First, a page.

Every athlete should have a fan as devoted as #OlympicNan.
The grandmother of British swimmer Adam Peaty has become a champion tweeter as she gushes about his achievements. With a Twitter biography that describes herself as “Proud Nan to a World Champion Breaststroker,” Mavis Williams, 74, is gaining followers who use the word “adorable” to describe her passion for Peaty.
“What race oooo I’m so proud he’s a gladiator well done,” she tweeted with such glee that she dispensed with punctuation after he broke the world record in the 100-meter breaststroke in Saturday’s heats. She stamped it with the British flag, shamrocks and clapping hands.
She was back on Twitter after Peaty broke that record again and took home gold Sunday night in the same event. “My Grandson has done it,” she tweeted.
Williams, who is from Uttoxeter, a town of 14,000 about 120 miles (200 kilometers) northwest of London, said she was introduced to Twitter by her daughter, Caroline, Adam’s mother. Her only goal was to get more followers than Caroline.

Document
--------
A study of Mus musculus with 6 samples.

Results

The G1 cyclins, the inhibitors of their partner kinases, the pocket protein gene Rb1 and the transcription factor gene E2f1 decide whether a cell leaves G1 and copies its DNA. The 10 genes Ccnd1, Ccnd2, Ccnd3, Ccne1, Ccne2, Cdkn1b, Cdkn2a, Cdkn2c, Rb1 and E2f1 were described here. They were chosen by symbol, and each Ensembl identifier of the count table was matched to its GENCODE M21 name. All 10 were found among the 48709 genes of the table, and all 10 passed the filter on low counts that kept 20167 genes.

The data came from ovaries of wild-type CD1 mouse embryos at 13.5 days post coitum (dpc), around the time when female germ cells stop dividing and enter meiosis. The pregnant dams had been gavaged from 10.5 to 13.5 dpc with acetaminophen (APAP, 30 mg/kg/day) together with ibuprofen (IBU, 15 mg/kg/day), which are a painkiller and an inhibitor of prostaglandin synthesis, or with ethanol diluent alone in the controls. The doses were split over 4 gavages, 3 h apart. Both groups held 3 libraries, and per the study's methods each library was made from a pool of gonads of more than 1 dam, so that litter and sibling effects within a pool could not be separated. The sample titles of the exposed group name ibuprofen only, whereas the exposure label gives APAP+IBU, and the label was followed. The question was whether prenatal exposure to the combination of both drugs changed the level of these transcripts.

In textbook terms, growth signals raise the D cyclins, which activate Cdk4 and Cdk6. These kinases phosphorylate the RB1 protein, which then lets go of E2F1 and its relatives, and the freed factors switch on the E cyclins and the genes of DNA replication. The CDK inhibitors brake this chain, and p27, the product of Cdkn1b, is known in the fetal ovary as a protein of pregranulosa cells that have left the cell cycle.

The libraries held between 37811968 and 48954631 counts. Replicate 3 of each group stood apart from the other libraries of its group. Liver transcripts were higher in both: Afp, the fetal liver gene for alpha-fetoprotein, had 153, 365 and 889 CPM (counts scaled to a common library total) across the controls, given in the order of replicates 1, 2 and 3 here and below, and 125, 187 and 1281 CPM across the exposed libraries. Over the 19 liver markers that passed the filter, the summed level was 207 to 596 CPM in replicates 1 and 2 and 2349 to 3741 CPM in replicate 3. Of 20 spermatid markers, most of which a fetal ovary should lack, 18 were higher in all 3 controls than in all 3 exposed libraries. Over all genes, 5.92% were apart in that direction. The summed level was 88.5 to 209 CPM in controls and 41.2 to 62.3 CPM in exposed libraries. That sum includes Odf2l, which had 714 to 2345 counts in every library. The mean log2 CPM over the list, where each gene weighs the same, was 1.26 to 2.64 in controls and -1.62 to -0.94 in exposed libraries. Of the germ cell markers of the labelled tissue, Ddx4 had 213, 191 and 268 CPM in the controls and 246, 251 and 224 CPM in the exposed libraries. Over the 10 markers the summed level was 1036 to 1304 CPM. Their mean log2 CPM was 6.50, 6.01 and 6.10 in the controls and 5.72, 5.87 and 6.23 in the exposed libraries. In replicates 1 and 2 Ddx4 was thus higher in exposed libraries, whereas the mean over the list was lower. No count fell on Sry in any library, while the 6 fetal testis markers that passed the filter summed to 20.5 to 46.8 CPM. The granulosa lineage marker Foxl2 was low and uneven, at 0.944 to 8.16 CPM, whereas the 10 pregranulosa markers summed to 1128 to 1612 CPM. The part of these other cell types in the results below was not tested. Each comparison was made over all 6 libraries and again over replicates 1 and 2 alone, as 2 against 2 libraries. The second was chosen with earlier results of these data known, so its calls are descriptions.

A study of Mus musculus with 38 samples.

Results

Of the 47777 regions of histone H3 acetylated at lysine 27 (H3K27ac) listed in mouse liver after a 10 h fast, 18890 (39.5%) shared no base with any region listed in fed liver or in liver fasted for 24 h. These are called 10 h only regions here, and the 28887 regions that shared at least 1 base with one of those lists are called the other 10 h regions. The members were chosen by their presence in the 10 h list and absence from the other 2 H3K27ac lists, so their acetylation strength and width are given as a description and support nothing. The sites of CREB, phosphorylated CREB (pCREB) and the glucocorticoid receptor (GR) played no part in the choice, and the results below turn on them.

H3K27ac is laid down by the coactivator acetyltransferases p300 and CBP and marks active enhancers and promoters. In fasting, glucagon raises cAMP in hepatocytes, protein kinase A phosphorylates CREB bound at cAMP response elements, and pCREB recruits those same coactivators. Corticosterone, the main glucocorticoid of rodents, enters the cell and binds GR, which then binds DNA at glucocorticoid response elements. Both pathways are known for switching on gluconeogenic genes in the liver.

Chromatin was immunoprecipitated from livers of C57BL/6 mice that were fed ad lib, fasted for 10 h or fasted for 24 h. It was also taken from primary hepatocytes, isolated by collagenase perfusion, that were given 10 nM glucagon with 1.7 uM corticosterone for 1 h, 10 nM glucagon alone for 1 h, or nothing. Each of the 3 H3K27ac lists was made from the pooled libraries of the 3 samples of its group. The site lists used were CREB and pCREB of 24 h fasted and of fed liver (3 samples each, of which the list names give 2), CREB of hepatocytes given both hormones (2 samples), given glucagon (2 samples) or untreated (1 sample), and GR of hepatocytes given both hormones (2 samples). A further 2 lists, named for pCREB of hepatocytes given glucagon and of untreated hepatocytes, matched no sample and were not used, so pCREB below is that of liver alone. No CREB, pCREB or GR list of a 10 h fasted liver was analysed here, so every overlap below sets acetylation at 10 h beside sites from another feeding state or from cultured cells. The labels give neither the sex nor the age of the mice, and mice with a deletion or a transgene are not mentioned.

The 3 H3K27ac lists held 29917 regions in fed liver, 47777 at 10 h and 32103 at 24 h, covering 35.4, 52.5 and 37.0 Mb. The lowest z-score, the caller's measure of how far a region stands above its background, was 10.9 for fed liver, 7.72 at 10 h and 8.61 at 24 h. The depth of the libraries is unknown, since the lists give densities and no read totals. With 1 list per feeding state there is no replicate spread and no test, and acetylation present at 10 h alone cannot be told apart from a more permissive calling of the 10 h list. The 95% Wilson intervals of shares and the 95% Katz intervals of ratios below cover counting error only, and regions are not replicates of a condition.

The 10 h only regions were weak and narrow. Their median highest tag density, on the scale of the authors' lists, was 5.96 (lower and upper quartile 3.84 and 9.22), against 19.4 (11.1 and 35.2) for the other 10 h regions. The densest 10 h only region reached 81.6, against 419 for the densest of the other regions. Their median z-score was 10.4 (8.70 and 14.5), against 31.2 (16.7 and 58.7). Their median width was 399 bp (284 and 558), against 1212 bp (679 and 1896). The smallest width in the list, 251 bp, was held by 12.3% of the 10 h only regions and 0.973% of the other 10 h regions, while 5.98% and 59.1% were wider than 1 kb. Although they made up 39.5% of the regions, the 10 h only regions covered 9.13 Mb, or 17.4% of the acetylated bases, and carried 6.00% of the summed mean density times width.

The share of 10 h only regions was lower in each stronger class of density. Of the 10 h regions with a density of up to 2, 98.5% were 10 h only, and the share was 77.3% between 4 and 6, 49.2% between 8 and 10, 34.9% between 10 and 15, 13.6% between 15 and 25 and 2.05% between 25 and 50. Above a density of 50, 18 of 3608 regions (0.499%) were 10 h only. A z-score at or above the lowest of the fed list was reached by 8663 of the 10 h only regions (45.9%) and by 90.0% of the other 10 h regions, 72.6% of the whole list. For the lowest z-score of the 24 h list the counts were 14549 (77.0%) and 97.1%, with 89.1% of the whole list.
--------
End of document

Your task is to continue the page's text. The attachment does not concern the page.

“You don’t go out as much as you do when you were younger, now do you?” she told The Associated Press on Sunday. “It’s given me a new interest and kept my brain working.”
Williams has, with a few hundred tweets and retweets, managed to capture attention with a simple chronicle of Peaty’s Olympic journey from her perspective.
There’s the buildup to Rio. There’s a picture of her at this year’s aquatics championships at Queen Elizabeth Olympic Park next to some sort of mascot creature named Ray. There’s a picture of her beloved Adam in his Olympic uniform.
“Doesn’t my grandson look great in his Great Britain KIT,” tweeted Williams, whose Twitter handle is @Mavise42Mavis.
There’s even a thank you to the person who helped decorate her home in preparation for the games.
“I’m ready for Rio now thanks to my kind window cleaner who put my bunting up,” she tweeted.
Mostly, she’s so proud she’s bursting. She thinks her tweets help Adam and the team — just to let them know their fans are pulling for them from far away.
But her chronicle is also a reminder that those behind the athletes are sometimes on as much of a journey as the competitors themselves. And no matter how many followers she gets, when her friendly competition with Caroline is over, she plans to send out a thank-you tweet to all the people who decided to follow her. They’ve taught her a lot, after all.
“I think it’s nice to thank someone — even if it is just a tweet,” she said.